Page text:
In the article by Al-Ali et al, “Capillary Index Score in the Interventional Management of Stroke Trials I and II,” which published online ahead-of-print on May 22, 2014, and appears in the July issue of the journal (Stroke. 2014;45:1999–2003), corrections were needed.
Figures 2 and 3 were replaced together with their legends.
Figure 2 legend read: Theoretical relationship between good outcomes and time. The 50% barrier is caused by a decline in residual cerebral blood flow so steep that early treatment cannot reverse tissue damage. Group 1 denotes patients rarely enrolled in studies because of early signs of irreversible ischemia; Group 2 denotes patient population in most intra-arterial treatment for acute ischemic stroke trials; Group 3 denotes patients excluded from most studies because of artificial time window. MCA indicates middle cerebral artery.
Figure 2 now reads:
Outcome versus time. Theoretical relationship between good outcomes and
time. The 50% barrier is caused by a decline in residual cerebral blood flow so steep that ~50% of patients cannot be treated fast enough to prevent irreversible ischemia (due to lack of sufficient collaterals). Time to treatment is irrelevant for these patients. MCA indicates middle cerebral artery.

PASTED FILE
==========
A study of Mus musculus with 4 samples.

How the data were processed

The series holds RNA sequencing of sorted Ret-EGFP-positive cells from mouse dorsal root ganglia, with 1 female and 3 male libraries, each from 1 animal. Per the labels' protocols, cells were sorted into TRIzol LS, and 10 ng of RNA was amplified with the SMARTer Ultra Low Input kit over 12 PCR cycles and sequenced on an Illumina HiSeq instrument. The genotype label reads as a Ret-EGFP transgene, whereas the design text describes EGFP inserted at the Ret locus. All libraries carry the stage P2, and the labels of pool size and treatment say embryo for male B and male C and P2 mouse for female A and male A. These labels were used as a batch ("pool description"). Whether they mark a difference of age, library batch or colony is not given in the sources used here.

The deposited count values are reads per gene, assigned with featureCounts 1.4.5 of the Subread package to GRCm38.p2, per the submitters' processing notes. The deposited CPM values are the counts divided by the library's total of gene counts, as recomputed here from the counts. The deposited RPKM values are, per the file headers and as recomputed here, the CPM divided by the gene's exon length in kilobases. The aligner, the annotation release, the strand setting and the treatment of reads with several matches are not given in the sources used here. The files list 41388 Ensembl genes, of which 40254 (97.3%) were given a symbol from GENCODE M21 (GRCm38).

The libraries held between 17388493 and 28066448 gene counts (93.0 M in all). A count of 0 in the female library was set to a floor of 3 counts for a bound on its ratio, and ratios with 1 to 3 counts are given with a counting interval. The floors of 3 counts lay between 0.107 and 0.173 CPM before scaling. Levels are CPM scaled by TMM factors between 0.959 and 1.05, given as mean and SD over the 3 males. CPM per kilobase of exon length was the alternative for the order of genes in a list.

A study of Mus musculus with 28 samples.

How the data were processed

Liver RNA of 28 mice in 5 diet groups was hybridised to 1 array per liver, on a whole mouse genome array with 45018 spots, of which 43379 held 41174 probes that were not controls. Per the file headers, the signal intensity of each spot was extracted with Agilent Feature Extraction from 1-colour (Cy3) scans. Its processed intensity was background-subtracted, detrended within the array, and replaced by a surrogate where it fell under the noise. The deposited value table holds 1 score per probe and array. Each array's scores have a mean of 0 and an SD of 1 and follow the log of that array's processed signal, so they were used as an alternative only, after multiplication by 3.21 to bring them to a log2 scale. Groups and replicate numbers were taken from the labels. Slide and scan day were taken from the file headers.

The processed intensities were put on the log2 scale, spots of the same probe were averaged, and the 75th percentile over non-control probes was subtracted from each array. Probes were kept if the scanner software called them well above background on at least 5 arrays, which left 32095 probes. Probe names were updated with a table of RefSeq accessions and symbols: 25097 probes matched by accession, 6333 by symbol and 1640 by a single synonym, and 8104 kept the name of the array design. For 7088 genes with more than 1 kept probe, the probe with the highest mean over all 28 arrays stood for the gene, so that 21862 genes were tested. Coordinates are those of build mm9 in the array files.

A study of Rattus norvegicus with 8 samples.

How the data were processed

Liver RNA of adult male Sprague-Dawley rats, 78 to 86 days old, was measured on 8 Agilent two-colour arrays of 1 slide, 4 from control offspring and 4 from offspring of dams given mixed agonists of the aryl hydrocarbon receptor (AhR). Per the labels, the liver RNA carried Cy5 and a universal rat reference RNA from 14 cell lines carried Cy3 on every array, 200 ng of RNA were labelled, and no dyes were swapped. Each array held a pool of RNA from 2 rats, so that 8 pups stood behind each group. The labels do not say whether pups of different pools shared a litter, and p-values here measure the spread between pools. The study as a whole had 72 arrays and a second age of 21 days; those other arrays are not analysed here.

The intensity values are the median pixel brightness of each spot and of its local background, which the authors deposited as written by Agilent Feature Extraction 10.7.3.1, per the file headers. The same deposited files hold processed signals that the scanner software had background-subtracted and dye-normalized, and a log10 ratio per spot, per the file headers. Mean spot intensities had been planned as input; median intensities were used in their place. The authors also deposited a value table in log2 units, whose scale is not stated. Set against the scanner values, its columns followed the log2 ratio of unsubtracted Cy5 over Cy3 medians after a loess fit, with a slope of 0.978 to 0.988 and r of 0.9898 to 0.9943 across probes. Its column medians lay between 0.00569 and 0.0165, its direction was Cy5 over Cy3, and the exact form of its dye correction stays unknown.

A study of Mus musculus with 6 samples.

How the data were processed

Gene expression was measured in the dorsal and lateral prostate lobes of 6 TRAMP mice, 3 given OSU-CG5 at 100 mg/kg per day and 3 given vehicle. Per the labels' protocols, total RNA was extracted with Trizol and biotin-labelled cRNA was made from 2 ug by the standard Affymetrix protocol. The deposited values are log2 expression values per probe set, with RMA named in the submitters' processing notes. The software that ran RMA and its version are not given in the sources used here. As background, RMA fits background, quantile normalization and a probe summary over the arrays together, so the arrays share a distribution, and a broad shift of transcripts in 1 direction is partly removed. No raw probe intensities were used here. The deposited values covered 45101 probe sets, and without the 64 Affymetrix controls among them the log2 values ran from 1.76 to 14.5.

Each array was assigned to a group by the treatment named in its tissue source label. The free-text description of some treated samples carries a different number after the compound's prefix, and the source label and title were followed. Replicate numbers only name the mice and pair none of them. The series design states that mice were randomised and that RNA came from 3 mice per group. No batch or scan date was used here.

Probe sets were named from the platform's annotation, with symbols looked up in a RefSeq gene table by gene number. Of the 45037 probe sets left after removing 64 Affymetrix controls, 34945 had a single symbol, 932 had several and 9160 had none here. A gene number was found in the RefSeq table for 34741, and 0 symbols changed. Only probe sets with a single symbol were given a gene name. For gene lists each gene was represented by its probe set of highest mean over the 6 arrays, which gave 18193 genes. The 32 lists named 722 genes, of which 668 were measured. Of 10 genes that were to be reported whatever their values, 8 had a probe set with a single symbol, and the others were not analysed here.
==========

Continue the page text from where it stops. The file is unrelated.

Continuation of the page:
Figure 3 legend read:
Logarithmic time curve: infarction threshold distinguishing
between reversible and irreversible ischemia as a function of
residual cerebral blood flow (rCBF) and time from ictus. The vertical
lines are an approximation and have not yet been validated.
Figure 3 now reads:
The logarithmic relationship between time to irreversible ischemia and residual cerebral blood flow (rCBF). The overall relationship between time from ictus and irreversible ischemia is not a linear but rather a logarithmic one. The curve consists of three sections, each corresponding to a group of patients. Group I patients experience early irreversible ischemia (50% barrier) and are rarely enrolled in IAT-AIS studies. Group 2 are those in most trials. Those in Group 3 are excluded from most studies due to an artificial time window. MCA indicates middle cerebral artery. Adapted from Jones et al6 with permission from the publisher. Copyright © 1981, American Association of Neurological Surgeons. Authorization for this adaptation has been obtained both from the owner of the copyright in the original work and from the owner of copyright in the translation or adaptation.
The authors apologize for this error.
These corrections have been made to the online and print version of the article.
- © 2014 American Heart Association, Inc.